Xinjiang, in China’s northwest, is vulnerable to ISIS, according to Zhang Chunxian, the populist party chief of the far-flung province, who stated publicly for the first time that Uighurs, a Turkic, mostly Sunni minority group there, have been joining the self-declared Islamic State group.
“Some Xinjiang residents have crossed the border illegally to join IS,” he said. Zhang also announced that a Xinjiang terrorist cell made up of militants who had returned from the ISIS front has been disbanded. The official offered no evidence for his claims.
“To break the case, to reduce human loss and casualties and ensure security, sometimes you have to keep some things confidential for a time,” he said. Just a week later, flyers were found distributed among Indonesian domestic helpers in Hong Kong, encouraging them to pledge allegiance to ISIS and stage attacks in Xinjiang.
There are more than 10 million Uighurs in China. Most live in Xinjiang, where they are the dominant ethnic group. For centuries Xinjiang (which means “New Frontier” in Mandarin) underwent shifting periods of autonomy until being officially absorbed into the Chinese polity under the Qing dynasty in the 18th century. In 1955 Maoist China established control over the far-flung region. Soon after, Han Chinese, the country’s dominant ethnic group, began migrating to the new Xinjiang Uighur Autonomous Region in droves.
Encouraged by the government, the Han migrants were lured by new agricultural and industrial towns built in the north by the Xinjiang Production and Development Corp, a quasi-military entity. The Uighurs reside mostly in the south.
Xinjiang, nearly the size of Iran, has proven an increasingly difficult place for Beijing to govern, which projects the province as a hotspot for the “Three Evils”: “terrorism, separatism and religious extremism.”
Conversely, the Uighurs accuse the government of actively degrading their cultural identity and restricting their economic opportunities. Some call for independence.
In the wake of the Sept. 11 attacks, Beijing began aggressively positing Xinjiang as an emerging terrorist haven to the international community. Ten days before the tragedy, the Xinjiang party chief had stressed that the province was “not a place of terror.” Beijing began claiming that some Uighurs had ties with international terror networks, including al-Qaida and the Taliban, and that it was embroiled in its own “war on terror.”
The government implemented a number of invasive “strike hard” counter-terrorism campaigns in Xinjiang, flooding the province with security forces, checkpoints, metal detectors and CCTV cameras. Meanwhile, Han-Uighur relations continued to deteriorate. The water boiled over the pot in 2009 when several days of mass rioting in Xinjiang’s capital of Urumqi left at least 200 people dead.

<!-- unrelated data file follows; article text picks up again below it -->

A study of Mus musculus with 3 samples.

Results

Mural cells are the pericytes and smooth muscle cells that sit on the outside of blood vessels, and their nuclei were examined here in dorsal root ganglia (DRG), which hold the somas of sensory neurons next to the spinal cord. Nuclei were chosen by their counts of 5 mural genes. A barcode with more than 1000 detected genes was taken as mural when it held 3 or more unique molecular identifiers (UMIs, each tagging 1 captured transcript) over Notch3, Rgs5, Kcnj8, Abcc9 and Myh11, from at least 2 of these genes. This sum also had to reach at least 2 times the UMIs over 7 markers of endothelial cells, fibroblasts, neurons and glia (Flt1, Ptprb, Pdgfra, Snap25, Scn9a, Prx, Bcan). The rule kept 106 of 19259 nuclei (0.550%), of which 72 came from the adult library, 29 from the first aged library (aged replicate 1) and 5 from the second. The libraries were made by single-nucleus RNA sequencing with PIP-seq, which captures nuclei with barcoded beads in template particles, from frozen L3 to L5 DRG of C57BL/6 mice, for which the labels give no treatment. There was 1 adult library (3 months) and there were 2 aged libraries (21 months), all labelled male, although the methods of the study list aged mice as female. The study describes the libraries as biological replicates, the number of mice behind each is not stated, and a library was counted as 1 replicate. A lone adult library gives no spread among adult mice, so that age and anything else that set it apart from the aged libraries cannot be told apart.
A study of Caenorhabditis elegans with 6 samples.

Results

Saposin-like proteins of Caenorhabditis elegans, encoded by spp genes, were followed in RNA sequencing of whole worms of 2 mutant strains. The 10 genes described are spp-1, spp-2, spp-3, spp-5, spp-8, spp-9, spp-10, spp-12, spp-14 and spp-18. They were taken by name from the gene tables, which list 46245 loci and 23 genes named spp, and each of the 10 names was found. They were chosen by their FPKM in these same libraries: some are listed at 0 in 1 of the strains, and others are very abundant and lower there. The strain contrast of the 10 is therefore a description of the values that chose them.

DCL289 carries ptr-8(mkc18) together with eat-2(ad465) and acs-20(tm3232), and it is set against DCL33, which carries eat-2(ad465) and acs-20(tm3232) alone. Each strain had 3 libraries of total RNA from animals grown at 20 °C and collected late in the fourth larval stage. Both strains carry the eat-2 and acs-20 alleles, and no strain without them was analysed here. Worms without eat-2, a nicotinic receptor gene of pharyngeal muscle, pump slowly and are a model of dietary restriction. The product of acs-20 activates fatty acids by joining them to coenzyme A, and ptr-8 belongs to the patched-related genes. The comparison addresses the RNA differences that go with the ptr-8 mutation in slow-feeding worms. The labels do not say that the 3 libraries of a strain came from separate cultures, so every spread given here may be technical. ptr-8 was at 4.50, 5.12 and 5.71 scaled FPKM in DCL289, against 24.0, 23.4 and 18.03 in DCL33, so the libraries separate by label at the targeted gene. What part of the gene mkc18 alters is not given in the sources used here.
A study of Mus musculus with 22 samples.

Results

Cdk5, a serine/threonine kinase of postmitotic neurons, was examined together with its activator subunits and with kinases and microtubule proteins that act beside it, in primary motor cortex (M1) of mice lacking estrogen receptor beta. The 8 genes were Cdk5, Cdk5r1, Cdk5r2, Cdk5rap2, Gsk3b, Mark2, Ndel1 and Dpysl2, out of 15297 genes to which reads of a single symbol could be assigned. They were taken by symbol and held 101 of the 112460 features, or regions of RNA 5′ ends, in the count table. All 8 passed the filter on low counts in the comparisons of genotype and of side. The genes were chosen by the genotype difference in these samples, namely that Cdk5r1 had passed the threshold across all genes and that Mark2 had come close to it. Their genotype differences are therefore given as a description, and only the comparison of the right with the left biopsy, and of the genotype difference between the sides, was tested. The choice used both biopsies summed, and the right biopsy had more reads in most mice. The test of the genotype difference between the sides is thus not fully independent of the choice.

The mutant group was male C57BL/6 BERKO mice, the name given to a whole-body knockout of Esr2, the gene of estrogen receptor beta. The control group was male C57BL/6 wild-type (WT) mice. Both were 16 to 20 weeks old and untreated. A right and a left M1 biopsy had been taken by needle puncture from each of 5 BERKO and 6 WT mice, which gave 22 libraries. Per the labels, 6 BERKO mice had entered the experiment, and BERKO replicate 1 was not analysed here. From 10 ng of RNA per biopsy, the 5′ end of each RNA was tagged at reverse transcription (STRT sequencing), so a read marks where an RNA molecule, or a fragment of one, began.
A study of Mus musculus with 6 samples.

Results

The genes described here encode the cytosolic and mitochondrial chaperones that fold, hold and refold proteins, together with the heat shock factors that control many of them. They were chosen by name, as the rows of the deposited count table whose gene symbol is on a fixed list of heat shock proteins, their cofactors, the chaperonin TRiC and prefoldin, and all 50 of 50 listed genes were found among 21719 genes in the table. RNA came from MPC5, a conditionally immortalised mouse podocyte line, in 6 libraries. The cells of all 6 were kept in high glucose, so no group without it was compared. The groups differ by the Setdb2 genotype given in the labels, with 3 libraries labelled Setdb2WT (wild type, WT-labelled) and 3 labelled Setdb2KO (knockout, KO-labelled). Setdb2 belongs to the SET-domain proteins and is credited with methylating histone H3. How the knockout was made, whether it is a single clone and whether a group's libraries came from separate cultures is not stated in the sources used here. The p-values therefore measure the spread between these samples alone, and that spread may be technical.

Beijing responded swiftly, arresting thousands and shutting off the internet in the province for nearly a year. It has since increased its security efforts in Xinjiang, beefing up even more as well as investing heavily in its extraction-heavy economy and promoting trade relations between Xinjiang and bordering Central Asian states. Beijing’s officially stated goals in Xinjiang are stabilization and development.
While cadres claim government measures are affecting progress, critics point to a litany of human rights violations in the province, including tough curbs on religious expression and the hundreds of Uighurs killed and imprisoned in alleged counterterrorism raids.
To be sure, China’s domestic terrorist threat isn’t imaginary. 2014 saw an uptick in deadly attacks on civilians in China. In March a ghastly knife attack by a coed group of Uighurs at a train station in Kunming left 29 people dead. The following month an attack on an Urumqi train station killed three and the month after that a bombing attack at a crowded Urumqi market left 30 dead. And with the US pullout from Afghanistan, which shares an alpine border with Xinjiang, China’s gateway to the Muslim world isn’t getting any safer. Furthermore, Abu Bakr al-Baghdadi, the leader of ISIS, in a recorded message released last summer included China in a long list of countries where Muslims were suffering, adding that believers in these countries could “await the rescue of the soldiers of [ISIS] and anticipate their brigades.”
Beijing is right to be worried about militant extremism. But crying wolf over a Uighur-ISIS link may be an exaggeration.
“The scope of ISIS in Xinjiang is still not clear,” said Liang Zheng, a professor at Xinjiang University in Urumqi who studies Islamic extremism among Uighurs. “It is highly likely that some Uighurs who have made it to Syria and ISIS have come back,” he says. “But for now, the threat is mostly ideological.”